Steven A. Abrams, MD, FAAP

Steven A. Abrams, MD, FAAP


To help ease a national shortage of baby formula in 2022, the U.S. government imported several brands that weren't previously sold here. The formula supply has improved, and imported formula is still being sold in the U.S., including goat's milk based infant formula.

If you see imported infant formula in your grocery stores or pharmacy, then it has been imported based on special regulations and review to make sure it meets safety and nutritional standards. Most brands are widely used in Europe and Australia among other places with demonstrated safety.

How do these imported baby formulas compare to the brands I am used to seeing?

Many of the imported baby formulas will be very similar. But there are some that will be unique in the U.S. market, such as brands made from goat's milk protein. Some of the imported baby formulas are certified as organic, others are not. All should be labeled in English, though instructions for mixing them may use different standards of measurements, such as milliliters rather than ounces (read more below).

Are there any other differences in imported baby formulas?

There are several key differences to look for in imported formulas. First, you may see on the label "Stage 1" or "Stage 2." Stage 1 formulas are intended for babies in the first 6 months after birth, but generally can be used throughout the first year. Stage 2 are meant for babies 6 through 12 months of age.

Also, if you look at the labels, you may see some differences with typical American formulas. For example, the iron content is usually lower in imported formulas. This is because the rules in Europe and Australia for iron are different than in the United States. However, there is plenty of iron in these formulas, and you do not need to use an iron supplement unless advised by your pediatrician.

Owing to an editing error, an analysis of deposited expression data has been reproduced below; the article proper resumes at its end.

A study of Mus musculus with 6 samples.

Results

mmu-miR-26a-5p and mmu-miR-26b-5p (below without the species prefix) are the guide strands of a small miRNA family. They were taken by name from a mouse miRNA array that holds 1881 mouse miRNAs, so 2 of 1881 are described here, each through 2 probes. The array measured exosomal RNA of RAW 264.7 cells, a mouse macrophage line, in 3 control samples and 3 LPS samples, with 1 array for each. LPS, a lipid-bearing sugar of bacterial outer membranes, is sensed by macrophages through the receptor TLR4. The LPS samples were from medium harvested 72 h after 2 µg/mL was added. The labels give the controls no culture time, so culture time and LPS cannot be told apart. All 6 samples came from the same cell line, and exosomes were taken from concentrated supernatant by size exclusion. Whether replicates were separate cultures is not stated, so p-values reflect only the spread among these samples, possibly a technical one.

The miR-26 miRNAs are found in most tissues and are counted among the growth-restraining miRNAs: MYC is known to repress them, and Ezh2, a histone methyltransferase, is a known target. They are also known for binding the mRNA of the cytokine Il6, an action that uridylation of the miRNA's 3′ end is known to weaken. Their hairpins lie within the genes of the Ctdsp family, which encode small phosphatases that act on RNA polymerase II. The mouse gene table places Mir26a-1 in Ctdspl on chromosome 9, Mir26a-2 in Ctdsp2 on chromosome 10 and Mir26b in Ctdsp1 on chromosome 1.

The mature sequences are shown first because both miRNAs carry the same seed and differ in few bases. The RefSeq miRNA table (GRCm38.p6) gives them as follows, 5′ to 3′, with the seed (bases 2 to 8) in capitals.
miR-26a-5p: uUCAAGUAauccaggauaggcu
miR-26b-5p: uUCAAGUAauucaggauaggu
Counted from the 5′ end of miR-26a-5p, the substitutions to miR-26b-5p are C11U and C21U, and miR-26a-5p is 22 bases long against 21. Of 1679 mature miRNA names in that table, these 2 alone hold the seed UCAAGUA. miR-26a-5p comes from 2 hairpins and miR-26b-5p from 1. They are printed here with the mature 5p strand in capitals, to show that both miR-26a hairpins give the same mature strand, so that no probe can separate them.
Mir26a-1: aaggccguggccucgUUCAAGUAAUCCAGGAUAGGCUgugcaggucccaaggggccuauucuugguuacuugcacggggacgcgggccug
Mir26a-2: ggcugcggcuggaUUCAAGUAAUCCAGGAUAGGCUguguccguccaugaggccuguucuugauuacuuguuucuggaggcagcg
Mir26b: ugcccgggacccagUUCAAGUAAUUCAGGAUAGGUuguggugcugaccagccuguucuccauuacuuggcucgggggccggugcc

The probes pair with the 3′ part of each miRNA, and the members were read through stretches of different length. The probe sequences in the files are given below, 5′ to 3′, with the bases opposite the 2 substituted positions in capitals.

Goat's milk baby formula? Is that OK for an infant?

European and other international authorities have thoroughly reviewed the nutritional content of goat's milk. They've found that, when adapted for baby formula, goat's milk protein supports normal growth and development in infants. Some people believe that it may be tolerated better than formula based on cow milk or soy protein, with less upset stomachs or allergic responses, but that's not certain. However, raw goat's milk, like raw cow's milk, is not safe to feed a baby.

How do I mix imported baby formulas?

As with all baby formulas, read the label closely and follow the instructions exactly unless advised otherwise by your pediatrician. Most countries tell you the amount of water to add in "mls," which means milliliters. If your baby bottles don't have ml scale markings, you may have to convert from ounces to milliliters.

Remember that 30 mls is one ounce. Some of the formulas will have you mix one scoop for each 2 ounces (60 mls) of water, while others will have you mix one scoop for each one ounce (30 ml) of water. Be sure to use the scoop that came with the container of baby formula you are using.

Also note: The imported baby formula’s instructions may refer to the bottle's nipple as the "teat."

As prepared, the imported baby formulas will have about the same amount of calories per serving as the usual U.S. formulas. If you have any questions about preparing the imported baby formula, be sure to talk with your pediatrician. Too much or too little water used with powder or concentrate is dangerous for your baby.

Can I just import baby formula on my own?

Do not try to import yourself directly, because you can't be sure it meets U.S. safety standards. Contact your pediatrician if you are unsure if a formula has been properly imported.

More information

Steven A. Abrams, MD, FAAP

Steven A. Abrams, MD, FAAP

Steven A. Abrams, MD, FAAP, is a board-certified pediatrician and neonatologist, and a Professor of Pediatrics at the University of Texas at Austin. Within the American Academy of Pediatrics, he is the former chair of the Committee on Nutrition. Dr. Abrams also serves on the Dietary Guidelines Advisory Committee and is editor-in-chief of Advances in Nutrition, published by the American Society for Nutrition.

The information contained on this Web site should not be used as a substitute for the medical care and advice of your pediatrician. There may be variations in treatment that your pediatrician may recommend based on individual facts and circumstances.